Posted by Emma on 10 November 2022 at 3:59 pm

    Hey there, I need a bit of help with Google Analytics in Safari. So, here’s the deal: I’ve got my application running in an iframe from ‘https://iframe-domain.com’, which is embedded on my main site ‘https://parent-domain.com’. I managed to set up Google Analytics and Google Tag Manager using the configuration ‘cookie_flags: max-age=7200;secure;samesite=’. It’s working well across various browsers, but Safari is being a bit troublesome. I’ve found out that Safari’s Intelligent Tracking Prevention (ITP) is blocking Google Analytics. More specifically, it seems to be hindering the third-party cookies due to the cross-origin iframe. This is something I’ve encountered in mobile Safari specifically, I’m still unsure about desktop Safari. I’m using GA version 4. Do you have any workaround for this? I really don’t want to lose all the analytics data from my Safari users.

    Skyler replied 11 months ago 3 Members · 2 Replies
  • 2 Replies
  • Olivia

    Member
    8 February 2023 at 5:23 pm

    This issue does seem a bit complicated, but it’s not unresolvable. One of the key problems is Safari’s Intelligent Tracking Prevention (ITP) feature which aims to prevent third-party trackers from capturing information about users’ web activity. It’s stricter with third-party cookies, the ones that are used when your Google Analytics runs in an iframe.

    So here’s a possible workaround: you may want to store and pass GA (Google Analytics) data via a server, going around the third-party cookie restrictions. What this entails is creating a new, “first-party” endpoint in your back-end that can collect data from within the iframe, then pass that up to the parent page – your main site. You can then utilize this data to communicate with Google Analytics.

    This server-side approach can require more time and technical expertise. Unfortunately as of now, given Safari’s stringent policies, this could be one of the few relatively reliable solutions. You should consider reaching out to a web developer or a team familiar with your web systems, if you haven’t done so already. They probably will be able to provide you a concrete plan to set up this server-side communication for Google Analytics.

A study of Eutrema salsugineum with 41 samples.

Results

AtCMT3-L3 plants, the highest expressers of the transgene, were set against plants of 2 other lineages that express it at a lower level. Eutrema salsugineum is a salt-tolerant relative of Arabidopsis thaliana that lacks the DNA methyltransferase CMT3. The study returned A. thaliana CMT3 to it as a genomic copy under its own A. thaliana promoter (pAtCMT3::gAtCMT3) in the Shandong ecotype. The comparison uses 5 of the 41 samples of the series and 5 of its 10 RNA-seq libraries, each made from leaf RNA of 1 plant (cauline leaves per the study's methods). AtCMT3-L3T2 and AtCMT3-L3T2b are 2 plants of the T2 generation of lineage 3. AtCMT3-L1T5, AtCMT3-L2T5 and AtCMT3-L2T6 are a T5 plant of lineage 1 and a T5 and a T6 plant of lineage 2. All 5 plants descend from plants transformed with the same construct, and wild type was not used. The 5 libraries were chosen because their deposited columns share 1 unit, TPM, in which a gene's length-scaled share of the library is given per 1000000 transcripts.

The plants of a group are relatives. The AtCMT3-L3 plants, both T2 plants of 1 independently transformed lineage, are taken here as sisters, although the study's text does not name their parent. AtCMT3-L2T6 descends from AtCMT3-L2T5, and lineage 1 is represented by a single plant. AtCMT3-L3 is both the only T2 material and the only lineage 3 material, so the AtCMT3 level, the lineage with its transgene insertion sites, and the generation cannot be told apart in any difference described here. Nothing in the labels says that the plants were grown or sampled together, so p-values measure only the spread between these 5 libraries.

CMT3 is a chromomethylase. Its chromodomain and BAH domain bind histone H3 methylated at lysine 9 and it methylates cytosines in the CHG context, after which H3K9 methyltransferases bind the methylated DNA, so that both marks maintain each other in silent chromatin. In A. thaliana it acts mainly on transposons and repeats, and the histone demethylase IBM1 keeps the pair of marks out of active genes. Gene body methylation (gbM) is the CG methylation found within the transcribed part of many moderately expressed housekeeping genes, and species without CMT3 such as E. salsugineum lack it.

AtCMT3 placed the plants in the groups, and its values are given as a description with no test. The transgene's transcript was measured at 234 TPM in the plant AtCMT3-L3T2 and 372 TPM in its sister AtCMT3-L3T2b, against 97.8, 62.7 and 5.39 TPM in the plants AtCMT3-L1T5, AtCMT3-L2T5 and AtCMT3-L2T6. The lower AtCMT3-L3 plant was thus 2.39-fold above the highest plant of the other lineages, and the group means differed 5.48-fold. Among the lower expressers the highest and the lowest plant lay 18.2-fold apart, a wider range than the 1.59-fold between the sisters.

• Skyler

    Member
    10 March 2023 at 7:37 am

    Yes, it is true that Safari’s Intelligent Tracking Prevention (ITP) can interfere with Google Analytics because it limits the use of third-party cookies, which are crucial in tracking user behavior. Unfortunately, there’s no easy fix for this considering the restrictions placed by Safari, but some workarounds have been suggested within the analytics community.

    A common suggestion is to use first-party cookies instead of third-party ones, as ITP primarily aims to block the latter. There are also ways to implement so-called “cookieless tracking”, although this can get rather technical and may not provide as big a data set as traditional cookie-based tracking.

    Another workaround is to use server-side tagging, which means sending analytics data directly from your web server rather than from the user’s browser. Google’s newer analytics software, Google Analytics 4, offers this feature, although it requires a good deal of technical setup.

    Remember that the aim of platforms like ITP is to protect user privacy, so any workaround should respect that goal too. It is advisable to follow industry and legal standards relating to privacy and user data. For a complete solution, it might be best to consult with a web developer or digital marketing professional.